Northern California Record

Saturday, April 4, 2020

Federal lawsuit claims feds Iack transparency about Trump immigration policy

By Karen Kidd | Jun 17, 2018


SAN FRANCISCO – A federal lawsuit written by law students on behalf of a legal aid service and a Boston-based immigrants advocacy group accuses two federal agencies of withholding information about how the Trump administration is prosecuting immigration cases.

Community Legal Services in East Palo Alto and the National Immigration Project of the National Lawyers Guild claim U.S. Immigration and Customs Enforcement (ICE) and the Department of Homeland Security are "improperly withholding records pertaining to the Trump administration's immigration prosecutorial discretion policies and practices," the 18-page lawsuit said. Plaintiffs are asking for an injunction to force ICE and Homeland Security to respond to a Freedom of Information Act request file with them in March.

"Prosecutorial discretion – the authority of an agency or an office to decide to what degree to enforce a law against a particular individual – has long been a key component of defendants' immigration enforcement strategy," the lawsuit said. "Since January 20, 2017, however, immigration attorneys and the public have received information suggesting a change in defendants' prosecutorial discretion policies. In practice, defendant appears to have abolished virtually all use of prosecutorial discretion."

Those changes have the potential to affect hundreds of thousands of people but ICE and Homeland Security "have been unwilling to disclose publicly their current prosecutorial policies and procedures," the lawsuit said. "Defendants' lack of transparency around this issue has caused profound fear, anxiety and hardship throughout immigrant communities across the country."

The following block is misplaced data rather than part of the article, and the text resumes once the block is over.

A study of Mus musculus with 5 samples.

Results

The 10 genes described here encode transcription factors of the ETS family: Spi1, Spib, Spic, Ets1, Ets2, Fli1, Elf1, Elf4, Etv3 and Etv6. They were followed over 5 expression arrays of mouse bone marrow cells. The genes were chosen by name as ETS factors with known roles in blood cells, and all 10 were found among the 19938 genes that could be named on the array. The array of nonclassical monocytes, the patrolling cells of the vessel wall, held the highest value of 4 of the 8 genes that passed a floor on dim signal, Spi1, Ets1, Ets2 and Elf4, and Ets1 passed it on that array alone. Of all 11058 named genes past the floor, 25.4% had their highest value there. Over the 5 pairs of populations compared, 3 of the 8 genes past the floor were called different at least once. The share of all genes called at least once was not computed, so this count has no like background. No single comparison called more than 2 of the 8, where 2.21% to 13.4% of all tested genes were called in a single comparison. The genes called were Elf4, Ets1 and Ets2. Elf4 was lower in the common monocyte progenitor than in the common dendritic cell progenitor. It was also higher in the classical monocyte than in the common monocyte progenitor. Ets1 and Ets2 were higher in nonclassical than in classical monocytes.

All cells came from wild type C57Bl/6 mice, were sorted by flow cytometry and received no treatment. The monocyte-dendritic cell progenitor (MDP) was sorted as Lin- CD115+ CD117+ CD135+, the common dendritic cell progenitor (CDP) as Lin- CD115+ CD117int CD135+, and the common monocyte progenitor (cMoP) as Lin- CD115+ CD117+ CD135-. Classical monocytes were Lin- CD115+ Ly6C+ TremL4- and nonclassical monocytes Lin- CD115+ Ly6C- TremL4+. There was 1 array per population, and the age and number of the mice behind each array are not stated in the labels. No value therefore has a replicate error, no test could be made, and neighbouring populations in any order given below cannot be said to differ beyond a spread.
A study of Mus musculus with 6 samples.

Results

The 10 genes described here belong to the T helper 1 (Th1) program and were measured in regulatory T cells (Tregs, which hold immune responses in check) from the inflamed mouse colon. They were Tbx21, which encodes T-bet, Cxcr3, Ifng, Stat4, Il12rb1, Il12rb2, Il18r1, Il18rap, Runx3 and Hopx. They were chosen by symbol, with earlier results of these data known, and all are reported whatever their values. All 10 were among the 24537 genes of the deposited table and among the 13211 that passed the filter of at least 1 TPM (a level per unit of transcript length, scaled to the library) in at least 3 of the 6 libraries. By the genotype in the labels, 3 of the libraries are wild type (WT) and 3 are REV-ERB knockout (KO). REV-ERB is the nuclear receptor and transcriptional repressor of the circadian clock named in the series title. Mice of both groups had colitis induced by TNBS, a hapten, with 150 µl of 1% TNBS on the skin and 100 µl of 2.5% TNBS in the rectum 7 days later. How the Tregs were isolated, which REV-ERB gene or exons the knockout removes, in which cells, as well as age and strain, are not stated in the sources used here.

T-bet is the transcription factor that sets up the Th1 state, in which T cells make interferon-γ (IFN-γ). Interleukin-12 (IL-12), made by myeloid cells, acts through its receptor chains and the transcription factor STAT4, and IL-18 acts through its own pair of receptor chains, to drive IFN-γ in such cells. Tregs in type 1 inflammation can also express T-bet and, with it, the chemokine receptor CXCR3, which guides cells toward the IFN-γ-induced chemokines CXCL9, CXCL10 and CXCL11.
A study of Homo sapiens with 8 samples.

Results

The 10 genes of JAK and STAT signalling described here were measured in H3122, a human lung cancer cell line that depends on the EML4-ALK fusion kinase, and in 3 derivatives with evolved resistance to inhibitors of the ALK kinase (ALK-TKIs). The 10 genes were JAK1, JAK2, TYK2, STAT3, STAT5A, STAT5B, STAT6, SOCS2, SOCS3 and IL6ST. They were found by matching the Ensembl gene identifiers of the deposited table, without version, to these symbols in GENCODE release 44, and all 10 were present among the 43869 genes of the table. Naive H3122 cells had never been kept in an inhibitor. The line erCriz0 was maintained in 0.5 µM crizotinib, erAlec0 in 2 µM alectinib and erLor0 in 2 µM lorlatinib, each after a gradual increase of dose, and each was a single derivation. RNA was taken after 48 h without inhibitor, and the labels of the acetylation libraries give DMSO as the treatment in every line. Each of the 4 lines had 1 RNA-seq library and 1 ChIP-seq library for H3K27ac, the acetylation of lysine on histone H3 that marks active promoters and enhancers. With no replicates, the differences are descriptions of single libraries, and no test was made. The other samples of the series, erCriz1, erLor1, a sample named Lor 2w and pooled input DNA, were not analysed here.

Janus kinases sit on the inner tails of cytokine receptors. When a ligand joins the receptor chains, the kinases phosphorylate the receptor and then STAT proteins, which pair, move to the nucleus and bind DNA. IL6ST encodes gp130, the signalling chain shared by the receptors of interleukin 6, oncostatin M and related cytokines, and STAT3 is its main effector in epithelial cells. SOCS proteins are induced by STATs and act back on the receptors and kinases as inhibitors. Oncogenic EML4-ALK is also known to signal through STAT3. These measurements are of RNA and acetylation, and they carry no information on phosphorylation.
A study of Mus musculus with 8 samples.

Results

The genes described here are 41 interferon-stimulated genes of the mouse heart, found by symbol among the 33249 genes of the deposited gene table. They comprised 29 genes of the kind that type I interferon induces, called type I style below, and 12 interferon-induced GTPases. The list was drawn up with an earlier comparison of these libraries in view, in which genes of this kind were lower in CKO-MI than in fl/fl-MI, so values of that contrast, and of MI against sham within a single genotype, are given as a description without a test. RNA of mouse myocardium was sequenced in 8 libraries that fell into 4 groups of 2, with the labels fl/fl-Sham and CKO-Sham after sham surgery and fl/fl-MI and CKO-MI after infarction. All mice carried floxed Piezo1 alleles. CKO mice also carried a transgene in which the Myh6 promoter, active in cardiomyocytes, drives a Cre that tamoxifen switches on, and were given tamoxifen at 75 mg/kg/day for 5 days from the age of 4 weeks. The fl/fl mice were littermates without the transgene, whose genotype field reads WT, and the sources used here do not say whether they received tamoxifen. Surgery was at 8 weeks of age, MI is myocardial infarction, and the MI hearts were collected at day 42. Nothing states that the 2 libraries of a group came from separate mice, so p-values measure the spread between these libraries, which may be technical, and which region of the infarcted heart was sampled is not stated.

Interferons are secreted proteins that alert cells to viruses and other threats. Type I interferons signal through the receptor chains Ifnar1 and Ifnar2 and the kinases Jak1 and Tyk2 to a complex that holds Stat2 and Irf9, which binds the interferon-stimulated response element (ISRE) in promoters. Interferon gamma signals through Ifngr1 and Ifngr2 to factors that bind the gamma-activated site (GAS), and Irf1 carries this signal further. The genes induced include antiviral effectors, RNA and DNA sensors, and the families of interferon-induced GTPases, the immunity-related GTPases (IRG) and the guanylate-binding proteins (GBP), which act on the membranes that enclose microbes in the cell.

The National Immigration Project of the National Lawyers Guild provides legal assistance and other support in immigrant communities and advocates for the rights of noncitizens. Community Legal Services in East Palo Alto is a nonprofit that provides legal services to low-income people, specializing in immigration, housing, workers' rights, records clearance and consumer protection.

The lawsuit was written by Stanford Law students Anthony Gutierrez and Ruthie Welch under supervision by the law school's Mills Legal Clinic.  

The lawsuit was filed in U.S. District Court for the Northern District of California San Francisco Division, the same day the Department of Justice and Homeland Security released a quarterly "alien incarceration" report. That report said 93 percent of "confirmed aliens" in DOJ custody were unlawfully in the U.S. Almost 58,000 "known or suspected aliens" were in DOJ custody at the end of the first quarter this year, including more than 38,000 in Bureau of Prisons (BOP) custody,  and 19,688 in U.S. Marshal Service (USMS) custody. "Among the 42,284 confirmed aliens, 39,413 people (93 percent) were unlawfully present," the report said.

"These numbers include a 62 percent unlawful rate among 38,132 known or suspected aliens in BOP custody and a 78 percent unlawful rate among 19,688 confirmed aliens in USMS custody."

Plaintiffs in the lawsuit claim ICE and Homeland Security failed to release records "after instituting sweeping changes" to prosecutorial discretion policies under the Trump Administration, particularly after DHS Secretary John F. Kelly issued a memorandum in February 2017 to enforce a presidential executive order. "Without any clear guidance on prosecutorial discretion, the Kelly Memorandum appears to endorse a system in which virtually all individuals appear equally likely to face deportation, regardless of their age, their community ties, the length of time they have been in the U.S. or the hardship likely to result to U.S. citizens – such as their children – if they are removed," the lawsuit said.